E-1 Treaty Trader Visa and E-2 Treaty Investor Visa
As the world’s largest economy, the United States has always been an attractive destination for foreign investors looking to expand their businesses or explore new opportunities. In today’s blog, we will be delving into a recent topic that has gained significant attention: E-1 Treaty Trader and E-2 Treaty Investor Visas in the USA. So, if you’re interested in learning more about these types of visas, benefits, and the eligibility requirements for each, you’ve come to the right place. Please keep reading to discover how our law firm can help you achieve your immigration goals and take the first step towards a brighter future in the land of opportunity.
The E-1 and E-2 visas are nonimmigrant visas that allow foreign nationals to enter the United States to develop and direct their business.
E-1 Treaty Trader Visa
E-1 Treaty Trader Visa allows the visa holder to enter the United States for international trade, including selling goods, services, or technology between the U.S. and their home country. There is no minimum investment requirement, but it is necessary to demonstrate that the trade is substantial.
The countries currently eligible for E-1 Treaty Trader Visa are:
Argentina, Australia, Austria, Belgium, Bolivia, Bosnia and Herzegovina, Brunei, Canada, Chile, China (Taiwan), Colombia, Costa Rica, Croatia, Czech Republic, Denmark, Estonia, Ethiopia, Finland, France, Germany, Greece, Honduras, Iran, Ireland, Israel, Italy, Jamaica, Japan, Jordan, Kazakhstan, Korea (South), Kosovo, Kyrgyzstan, Latvia, Liberia, Lithuania, Luxembourg, Macedonia, Mexico, Moldova, Mongolia, Montenegro, Morocco, Netherlands, New Zealand, Norway, Oman, Pakistan, Panama, Paraguay, Philippines, Poland, Serbia, Singapore, Slovakia, Slovenia, Spain, Sri Lanka, Suriname, Sweden, Switzerland, Thailand, Tunisia, Turkey, Ukraine, United Kingdom, and Uruguay.
E-2 Treaty Investment Visa
E-2 Treaty Investment Visa allows the visa holder to come to the United States to invest in and manage a U.S. business. No fixed minimum investment is required, but generally expected the investment to be at least $100,000. Still, it must be significant enough to create jobs for U.S. workers and generate a profit for the investor. Unlike other nonimmigrant visas, the E-2 visa can lead to Permanent Residency (Green Card) in the United States.
The countries currently eligible for E-2 Treaty Investor Visa are:
Albania, Argentina, Armenia, Australia, Austria, Azerbaijan, Bahrain, Bangladesh, Belgium, Bosnia and Herzegovina, Bulgaria, Cameroon, Canada, Chile, China (Taiwan), Colombia, Congo (Brazzaville), Congo (Kinshasa), Costa Rica, Croatia, Czech Republic, Denmark, Ecuador, Egypt, Estonia, Ethiopia, Finland, France, Georgia, Germany, Grenada, Honduras, Iran, Ireland, Israel, Italy, Jamaica, Japan, Jordan, Kazakhstan, South Korea, Kosovo, Kyrgyzstan, Latvia, Liberia, Lithuania, Luxembourg, Macedonia, Mexico, Moldova, Mongolia, Montenegro, Morocco, Netherlands, New Zealand, Norway, Oman, Pakistan, Panama, Paraguay, Philippines, Poland, Romania, Serbia, Senegal, Singapore, Slovakia, Slovenia, Spain, Sri Lanka, Suriname, Sweden, Switzerland, Thailand, Togo, Trinidad & Tobago, Tunisia, Turkey, Ukraine, and the United Kingdom.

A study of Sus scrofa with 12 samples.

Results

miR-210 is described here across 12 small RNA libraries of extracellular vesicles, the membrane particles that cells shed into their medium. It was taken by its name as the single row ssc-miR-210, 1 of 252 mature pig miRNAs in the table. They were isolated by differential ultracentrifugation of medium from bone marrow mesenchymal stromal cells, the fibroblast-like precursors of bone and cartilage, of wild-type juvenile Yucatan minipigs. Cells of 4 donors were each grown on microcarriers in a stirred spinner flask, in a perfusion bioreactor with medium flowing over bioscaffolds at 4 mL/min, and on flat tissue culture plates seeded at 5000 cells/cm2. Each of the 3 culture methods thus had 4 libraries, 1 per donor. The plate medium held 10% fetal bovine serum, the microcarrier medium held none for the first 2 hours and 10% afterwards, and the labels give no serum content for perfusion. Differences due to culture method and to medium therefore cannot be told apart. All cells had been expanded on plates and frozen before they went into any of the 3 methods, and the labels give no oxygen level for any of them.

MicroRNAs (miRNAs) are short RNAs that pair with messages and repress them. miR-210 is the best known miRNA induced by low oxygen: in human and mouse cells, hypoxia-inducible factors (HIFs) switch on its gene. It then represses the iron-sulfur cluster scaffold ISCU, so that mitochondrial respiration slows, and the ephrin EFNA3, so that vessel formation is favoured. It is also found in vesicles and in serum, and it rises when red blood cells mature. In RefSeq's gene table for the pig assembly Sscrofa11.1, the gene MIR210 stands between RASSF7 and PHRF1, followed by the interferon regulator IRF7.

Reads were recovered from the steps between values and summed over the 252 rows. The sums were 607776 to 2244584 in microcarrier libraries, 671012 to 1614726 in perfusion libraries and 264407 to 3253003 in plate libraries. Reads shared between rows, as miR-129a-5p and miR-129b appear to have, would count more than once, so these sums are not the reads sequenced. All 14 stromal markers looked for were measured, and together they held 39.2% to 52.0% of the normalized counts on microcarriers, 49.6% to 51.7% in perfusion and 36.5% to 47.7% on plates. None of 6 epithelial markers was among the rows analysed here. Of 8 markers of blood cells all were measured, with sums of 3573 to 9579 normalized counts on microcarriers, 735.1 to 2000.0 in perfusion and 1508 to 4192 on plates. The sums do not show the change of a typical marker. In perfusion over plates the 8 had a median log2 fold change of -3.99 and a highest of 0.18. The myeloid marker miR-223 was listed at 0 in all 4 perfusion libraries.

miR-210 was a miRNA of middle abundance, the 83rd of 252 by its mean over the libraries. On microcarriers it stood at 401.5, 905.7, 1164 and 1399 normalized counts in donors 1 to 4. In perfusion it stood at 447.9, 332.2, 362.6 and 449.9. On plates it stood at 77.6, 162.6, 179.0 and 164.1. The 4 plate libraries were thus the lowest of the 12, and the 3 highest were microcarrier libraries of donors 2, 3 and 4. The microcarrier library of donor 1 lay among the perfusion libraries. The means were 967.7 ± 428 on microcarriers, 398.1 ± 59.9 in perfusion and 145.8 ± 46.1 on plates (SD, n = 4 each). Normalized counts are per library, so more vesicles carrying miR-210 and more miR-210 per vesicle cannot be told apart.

Eligibility Requirements for an E-1 / E-2 Visa
- You have to be a citizen of one of the countries with a commerce and navigation treaty with the United States. It’s always best to check with the U.S. Department of State for the latest information on visa eligibility requirements here.
- You must own at least 50% of the business.
Process for Obtaining an E-1 / E-2 Visa
- Complete Nonimmigrant Visa Electronic Application (DS-160) and pay the fee.
- Schedule and attend an interview at a U.S. embassy or consulate in your home country.
- Provide supporting documents such as proof of nationality, evidence of investment / substantial trade, and a business plan.
- Await visa approval and receive a visa in your passport.
- Enter the U.S. and begin developing and directing your business operations.
The visa holder’s spouse and unmarried children under 21 may also come to the United States under derivative E-1 / E-2 visas. Both visas are renewable indefinitely as long as the trade/investment continues to be substantial.
What kinds of businesses are likely to get approved for a visa?
Some examples of businesses suitable for E-1 / E-2 visas include franchise businesses, consulting and professional services, technology, and software development, real estate and property management, hospitality and food services, retail and wholesale trade, manufacturing and distribution, export and import companies, etc. However, any industry meeting the above requirements could be eligible for a visa.
Can I travel to and from the U.S. with an E-1 or E-2 visa?
Yes, holders of E-1 and E-2 visas can travel to and from the United States. However, it’s important to note that depending on your country of citizenship, you may have to obtain a new visa stamp to return to the U.S. Some countries’ citizens receive limited and one-time E-2 visas, and some receive multi-entry long-term visas. It’s always a good idea to consult with an immigration attorney or the U.S. Citizenship and Immigration Services (USCIS) if you have any questions or concerns about travel while holding your visa.
I.S. Law Firm offers comprehensive services covering every step of the business immigration process. From setting up a business entity and negotiating agreements to drafting contracts and overseeing the entire immigration process for the investor and their family, we are here to assist you. If you want to learn more about our services or schedule a consultation, please contact us at +1-703-527-1779 or [email protected].